Senate slips crypto provisions into must-pass defence bill
Regulations authored by Senator Elizabeth Warren have been added to must-pass legislation.
  • The US Senate is expected to pass legislation this week that includes crypto-focused anti-money laundering provisions
  • But Congress is split, and there’s no guarantee the language will pass the House version of the bill

Crypto-focused anti-money laundering legislation has entered the US Senate’s version of the annual defence budget, DL News has learned.

According to three sources with knowledge of the matter, Senate leadership has greenlit an amendment to the the National Defense Authorization Act, or NDAA, that would mandate new AML guidelines from federal regulators.

The NDAA is a massive, must-pass piece of legislation that is currently being rallied between the House and Senate.

In addition to requiring reports from federal agencies — which range from the Drug Enforcement Agency to the Financial Crimes Enforcement Network —  the bill sets new rules that require crypto ATMs to gather identifying information on their users. Crypto ATM operators would also need to report to the government on all locations in operation.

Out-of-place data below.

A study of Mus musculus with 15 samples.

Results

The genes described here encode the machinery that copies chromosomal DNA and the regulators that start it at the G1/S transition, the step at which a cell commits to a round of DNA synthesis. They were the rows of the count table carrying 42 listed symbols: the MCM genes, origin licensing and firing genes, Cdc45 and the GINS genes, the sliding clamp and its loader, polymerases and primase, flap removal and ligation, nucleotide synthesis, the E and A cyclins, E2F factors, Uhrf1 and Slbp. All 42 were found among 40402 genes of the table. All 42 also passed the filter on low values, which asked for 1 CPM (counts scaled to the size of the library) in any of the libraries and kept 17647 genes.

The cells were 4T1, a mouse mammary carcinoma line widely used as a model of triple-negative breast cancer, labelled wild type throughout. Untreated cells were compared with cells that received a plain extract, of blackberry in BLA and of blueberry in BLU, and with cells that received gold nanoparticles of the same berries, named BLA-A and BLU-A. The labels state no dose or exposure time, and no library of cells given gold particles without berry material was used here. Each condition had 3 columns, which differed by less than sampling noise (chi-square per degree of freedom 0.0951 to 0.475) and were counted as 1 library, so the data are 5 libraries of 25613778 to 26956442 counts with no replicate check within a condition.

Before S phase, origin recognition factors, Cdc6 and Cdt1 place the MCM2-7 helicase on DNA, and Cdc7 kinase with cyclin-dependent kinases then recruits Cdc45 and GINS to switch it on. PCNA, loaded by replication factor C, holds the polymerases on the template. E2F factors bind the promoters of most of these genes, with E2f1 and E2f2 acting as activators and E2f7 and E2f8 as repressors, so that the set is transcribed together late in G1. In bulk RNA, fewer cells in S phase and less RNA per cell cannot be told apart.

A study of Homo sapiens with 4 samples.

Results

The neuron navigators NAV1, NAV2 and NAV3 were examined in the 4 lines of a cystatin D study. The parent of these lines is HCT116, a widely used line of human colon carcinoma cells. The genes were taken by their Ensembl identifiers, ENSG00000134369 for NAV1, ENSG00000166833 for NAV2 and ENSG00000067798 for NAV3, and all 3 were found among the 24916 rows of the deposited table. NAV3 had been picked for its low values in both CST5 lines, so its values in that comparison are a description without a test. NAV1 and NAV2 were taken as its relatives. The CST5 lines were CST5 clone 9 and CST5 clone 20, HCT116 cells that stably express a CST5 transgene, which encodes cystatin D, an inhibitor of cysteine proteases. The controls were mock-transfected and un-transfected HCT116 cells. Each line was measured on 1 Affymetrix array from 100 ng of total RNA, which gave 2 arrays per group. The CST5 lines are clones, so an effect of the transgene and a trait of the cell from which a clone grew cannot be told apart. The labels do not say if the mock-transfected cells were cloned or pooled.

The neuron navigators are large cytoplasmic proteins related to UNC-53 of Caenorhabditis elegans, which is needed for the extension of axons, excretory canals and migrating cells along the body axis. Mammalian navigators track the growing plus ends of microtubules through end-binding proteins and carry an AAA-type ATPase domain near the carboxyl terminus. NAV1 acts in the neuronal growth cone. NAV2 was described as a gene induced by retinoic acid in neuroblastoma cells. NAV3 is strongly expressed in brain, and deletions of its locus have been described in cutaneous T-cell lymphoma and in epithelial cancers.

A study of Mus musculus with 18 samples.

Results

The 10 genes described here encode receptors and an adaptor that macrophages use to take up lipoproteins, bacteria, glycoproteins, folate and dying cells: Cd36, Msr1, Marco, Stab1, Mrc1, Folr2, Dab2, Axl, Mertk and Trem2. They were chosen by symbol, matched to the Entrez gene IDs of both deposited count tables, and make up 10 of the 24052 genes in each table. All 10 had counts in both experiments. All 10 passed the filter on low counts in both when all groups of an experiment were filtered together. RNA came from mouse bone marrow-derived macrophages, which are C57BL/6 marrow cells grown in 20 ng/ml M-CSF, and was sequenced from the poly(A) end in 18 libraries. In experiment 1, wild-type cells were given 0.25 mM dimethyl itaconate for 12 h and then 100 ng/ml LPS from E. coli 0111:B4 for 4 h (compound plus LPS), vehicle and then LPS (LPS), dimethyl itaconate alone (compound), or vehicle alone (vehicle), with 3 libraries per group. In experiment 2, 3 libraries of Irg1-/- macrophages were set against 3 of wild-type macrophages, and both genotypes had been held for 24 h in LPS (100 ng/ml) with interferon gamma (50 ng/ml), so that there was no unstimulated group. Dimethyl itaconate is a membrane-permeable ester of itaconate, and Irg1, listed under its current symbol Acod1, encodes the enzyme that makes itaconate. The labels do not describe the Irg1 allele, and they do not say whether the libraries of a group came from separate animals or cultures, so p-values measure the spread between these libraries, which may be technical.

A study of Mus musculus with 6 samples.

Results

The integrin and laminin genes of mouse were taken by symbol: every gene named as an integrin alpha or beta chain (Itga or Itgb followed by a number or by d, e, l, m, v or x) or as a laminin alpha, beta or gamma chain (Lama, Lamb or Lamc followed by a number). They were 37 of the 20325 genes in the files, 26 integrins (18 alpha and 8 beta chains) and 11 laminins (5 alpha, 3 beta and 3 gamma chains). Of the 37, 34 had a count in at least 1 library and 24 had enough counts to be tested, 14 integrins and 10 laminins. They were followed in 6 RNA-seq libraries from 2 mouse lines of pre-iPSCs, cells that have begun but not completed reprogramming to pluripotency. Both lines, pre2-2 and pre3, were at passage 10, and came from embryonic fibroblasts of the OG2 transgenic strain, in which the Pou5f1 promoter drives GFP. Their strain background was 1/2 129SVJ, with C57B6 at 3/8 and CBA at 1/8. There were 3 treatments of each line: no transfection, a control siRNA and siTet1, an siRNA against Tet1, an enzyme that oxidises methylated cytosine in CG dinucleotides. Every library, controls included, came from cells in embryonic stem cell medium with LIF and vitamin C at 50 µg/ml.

Congress is currently split, however, with Republicans controlling the House and Democrats controlling the Senate. The defence bill has been subject to a particularly contentious tug of war this year: the House passed its own version of the bill on July 14th with the support of only four Democratic congress members.

The amendment is itself an interestingly bipartisan project. Its sponsors are Cynthia Lummis, a Republican from Wyoming; Kirsten Gillibrand, a Democrat from New York; Elizabeth Warren, a Democrat from Massachusetts; and Roger Marshall, a Republican from Kansas.



The authors of the amendment have described it as a combination of elements from those disparate pieces of legislation.